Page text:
Financial Matters That Do Not Impact Your Credit Score


Financial matters that – while important to your life – don’t always appear on your credit report or figure into your credit score. That’s right! Sometimes a bill is just a bill, or an account is just an account, and it doesn’t have anything to do with your credit score. Misconceptions abound, so here’s a quick primer on some financial realities that don’t figure into your credit score:

Young woman sitting at outdoor cafe using laptop.

Get the scoop on which financial realities don’t impact your credit score.

Income – From salary and bonuses to interest earnings, child support and alimony payments, income is unquestionably the most important financial element in your life. Still, your income doesn’t appear on your credit report, nor does it directly affect your credit score. However, if your expenditures exceed your income every month, you’ll have trouble paying your bills, and late or nonpayment does impact your credit score.

Investments – Retirement savings, college savings, stocks, bonds and mutual funds – none of these will appear on your credit report, and they have no bearing on your credit score.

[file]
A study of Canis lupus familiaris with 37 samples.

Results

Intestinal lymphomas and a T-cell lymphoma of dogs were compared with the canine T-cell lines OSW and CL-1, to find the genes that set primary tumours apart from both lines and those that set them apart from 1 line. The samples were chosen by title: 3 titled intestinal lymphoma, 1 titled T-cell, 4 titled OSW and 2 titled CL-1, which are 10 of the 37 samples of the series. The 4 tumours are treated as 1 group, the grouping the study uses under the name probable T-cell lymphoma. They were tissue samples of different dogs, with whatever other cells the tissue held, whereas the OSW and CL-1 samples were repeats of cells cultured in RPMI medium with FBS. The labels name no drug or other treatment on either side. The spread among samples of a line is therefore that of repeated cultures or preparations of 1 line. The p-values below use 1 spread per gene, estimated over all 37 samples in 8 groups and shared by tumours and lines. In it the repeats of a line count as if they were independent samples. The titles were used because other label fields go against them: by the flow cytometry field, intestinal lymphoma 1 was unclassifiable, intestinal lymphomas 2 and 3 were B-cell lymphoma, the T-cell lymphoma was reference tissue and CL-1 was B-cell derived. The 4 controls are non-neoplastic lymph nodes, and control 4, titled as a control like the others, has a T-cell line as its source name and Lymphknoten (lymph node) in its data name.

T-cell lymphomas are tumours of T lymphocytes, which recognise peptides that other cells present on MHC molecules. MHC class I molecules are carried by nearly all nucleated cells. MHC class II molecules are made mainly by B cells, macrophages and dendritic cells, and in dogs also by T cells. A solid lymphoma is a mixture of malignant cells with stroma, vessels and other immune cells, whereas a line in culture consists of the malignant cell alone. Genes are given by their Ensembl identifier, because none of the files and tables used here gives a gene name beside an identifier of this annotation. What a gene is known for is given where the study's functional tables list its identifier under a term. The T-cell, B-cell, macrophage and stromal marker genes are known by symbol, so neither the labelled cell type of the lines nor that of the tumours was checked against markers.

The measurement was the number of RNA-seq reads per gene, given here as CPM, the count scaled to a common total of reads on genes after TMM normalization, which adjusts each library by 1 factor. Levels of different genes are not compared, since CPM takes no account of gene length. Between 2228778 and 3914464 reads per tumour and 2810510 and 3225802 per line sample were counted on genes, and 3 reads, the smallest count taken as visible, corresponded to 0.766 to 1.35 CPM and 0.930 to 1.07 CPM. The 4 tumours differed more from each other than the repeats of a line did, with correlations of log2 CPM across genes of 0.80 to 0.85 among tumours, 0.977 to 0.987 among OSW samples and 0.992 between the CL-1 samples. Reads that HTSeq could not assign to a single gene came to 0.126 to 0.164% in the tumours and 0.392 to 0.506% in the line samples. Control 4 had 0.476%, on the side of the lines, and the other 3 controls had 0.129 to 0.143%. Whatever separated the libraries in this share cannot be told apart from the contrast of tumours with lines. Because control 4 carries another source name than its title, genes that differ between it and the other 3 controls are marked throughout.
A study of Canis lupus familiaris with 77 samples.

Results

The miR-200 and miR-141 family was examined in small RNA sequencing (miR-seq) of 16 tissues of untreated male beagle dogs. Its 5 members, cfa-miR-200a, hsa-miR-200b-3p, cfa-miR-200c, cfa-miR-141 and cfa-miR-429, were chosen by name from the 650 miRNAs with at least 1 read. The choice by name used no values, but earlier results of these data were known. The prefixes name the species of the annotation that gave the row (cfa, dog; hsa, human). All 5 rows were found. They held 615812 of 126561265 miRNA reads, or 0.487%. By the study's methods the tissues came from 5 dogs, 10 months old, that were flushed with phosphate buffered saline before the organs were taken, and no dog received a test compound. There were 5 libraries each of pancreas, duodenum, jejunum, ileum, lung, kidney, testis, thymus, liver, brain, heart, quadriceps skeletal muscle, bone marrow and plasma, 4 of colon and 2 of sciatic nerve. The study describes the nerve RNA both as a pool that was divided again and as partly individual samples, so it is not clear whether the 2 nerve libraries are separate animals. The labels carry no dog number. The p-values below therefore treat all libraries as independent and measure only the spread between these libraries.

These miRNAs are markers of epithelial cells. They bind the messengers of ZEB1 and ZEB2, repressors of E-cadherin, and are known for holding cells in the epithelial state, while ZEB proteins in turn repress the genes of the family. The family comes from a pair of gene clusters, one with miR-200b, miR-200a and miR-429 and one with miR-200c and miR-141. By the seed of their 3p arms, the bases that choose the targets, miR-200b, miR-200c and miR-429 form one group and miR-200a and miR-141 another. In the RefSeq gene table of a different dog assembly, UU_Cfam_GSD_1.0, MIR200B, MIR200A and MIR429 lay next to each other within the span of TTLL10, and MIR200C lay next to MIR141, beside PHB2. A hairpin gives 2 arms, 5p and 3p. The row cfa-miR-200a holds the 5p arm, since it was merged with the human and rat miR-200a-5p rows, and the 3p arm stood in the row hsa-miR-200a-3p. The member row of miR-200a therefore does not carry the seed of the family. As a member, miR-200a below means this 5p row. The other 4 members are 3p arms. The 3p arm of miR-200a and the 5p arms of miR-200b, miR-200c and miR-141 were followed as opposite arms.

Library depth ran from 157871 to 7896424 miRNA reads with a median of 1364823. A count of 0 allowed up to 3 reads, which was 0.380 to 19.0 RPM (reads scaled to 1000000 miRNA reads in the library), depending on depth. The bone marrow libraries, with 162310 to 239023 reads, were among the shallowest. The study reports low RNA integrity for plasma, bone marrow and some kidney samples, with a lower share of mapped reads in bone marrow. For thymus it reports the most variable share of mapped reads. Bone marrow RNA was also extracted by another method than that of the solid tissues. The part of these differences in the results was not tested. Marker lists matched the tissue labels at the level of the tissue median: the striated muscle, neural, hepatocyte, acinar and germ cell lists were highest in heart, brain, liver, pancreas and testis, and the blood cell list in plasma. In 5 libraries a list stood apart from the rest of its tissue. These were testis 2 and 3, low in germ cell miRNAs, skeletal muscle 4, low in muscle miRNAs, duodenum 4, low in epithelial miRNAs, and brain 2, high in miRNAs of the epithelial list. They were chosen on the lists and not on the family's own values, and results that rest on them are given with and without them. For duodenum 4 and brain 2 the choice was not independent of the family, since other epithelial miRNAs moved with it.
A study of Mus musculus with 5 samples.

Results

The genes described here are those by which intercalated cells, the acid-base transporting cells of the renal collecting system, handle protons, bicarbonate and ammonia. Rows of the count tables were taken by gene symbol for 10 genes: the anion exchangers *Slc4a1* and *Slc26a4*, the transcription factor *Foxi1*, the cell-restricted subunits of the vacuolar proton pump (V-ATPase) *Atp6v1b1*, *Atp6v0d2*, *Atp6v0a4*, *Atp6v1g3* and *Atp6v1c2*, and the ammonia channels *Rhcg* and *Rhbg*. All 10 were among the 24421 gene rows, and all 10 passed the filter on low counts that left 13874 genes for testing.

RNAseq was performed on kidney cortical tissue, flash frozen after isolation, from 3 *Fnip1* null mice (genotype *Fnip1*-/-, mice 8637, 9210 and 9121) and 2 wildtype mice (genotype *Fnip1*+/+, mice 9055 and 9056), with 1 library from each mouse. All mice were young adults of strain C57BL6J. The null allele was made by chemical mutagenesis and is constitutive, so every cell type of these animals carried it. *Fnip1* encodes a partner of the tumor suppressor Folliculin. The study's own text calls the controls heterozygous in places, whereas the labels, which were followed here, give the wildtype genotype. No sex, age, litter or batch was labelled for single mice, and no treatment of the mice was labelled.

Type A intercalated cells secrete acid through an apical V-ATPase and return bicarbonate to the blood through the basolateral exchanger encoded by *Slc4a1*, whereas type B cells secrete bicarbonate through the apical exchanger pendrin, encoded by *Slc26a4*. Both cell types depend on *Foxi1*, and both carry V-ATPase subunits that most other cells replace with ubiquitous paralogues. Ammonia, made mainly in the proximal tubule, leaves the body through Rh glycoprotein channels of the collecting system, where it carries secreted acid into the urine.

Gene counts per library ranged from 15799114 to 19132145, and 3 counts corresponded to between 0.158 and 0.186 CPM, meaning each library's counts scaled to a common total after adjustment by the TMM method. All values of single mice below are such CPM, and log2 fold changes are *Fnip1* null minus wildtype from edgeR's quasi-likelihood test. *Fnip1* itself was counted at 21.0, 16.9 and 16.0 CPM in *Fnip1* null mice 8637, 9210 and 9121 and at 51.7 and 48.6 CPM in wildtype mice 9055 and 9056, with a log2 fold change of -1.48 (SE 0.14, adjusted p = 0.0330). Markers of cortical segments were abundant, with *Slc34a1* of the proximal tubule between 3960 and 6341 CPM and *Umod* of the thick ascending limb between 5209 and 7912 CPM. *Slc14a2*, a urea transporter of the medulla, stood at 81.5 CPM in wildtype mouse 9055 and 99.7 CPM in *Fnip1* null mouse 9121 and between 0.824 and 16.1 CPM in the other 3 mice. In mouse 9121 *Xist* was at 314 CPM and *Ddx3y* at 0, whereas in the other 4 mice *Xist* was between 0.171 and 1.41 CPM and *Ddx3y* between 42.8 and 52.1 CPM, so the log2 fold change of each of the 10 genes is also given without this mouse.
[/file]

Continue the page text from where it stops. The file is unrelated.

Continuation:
Insurance – How much auto, life or medical insurance you have isn’t a factor in your credit. However, if your mortgage company requires you to carry homeowners insurance (and they all do) or private mortgage insurance and you fail to do so, it could affect whether or not you keep the mortgage – and defaulting on a loan does affect your credit score. Also, while insurance doesn’t influence your credit score, your score can affect your insurance rates, especially your auto insurance rates.

Savings – Banks do not report to credit bureaus about consumer savings or checking accounts. How much you have in your account has no bearing on your credit score. However, if you have no emergency fund and experience a major financial crisis, you may have trouble meeting your credit obligations, and that will impact your score.

Utility bills – Electric, gas, water, sewer and cable bills do not factor into your credit score. However, utility companies may run a credit check on you before opening an account in your name. A poor credit history may prompt them to demand a hefty security deposit. As for your phone and cable bills, companies generally don’t report the status of those accounts to credit bureaus either, unless your account is delinquent enough to wind up in collections.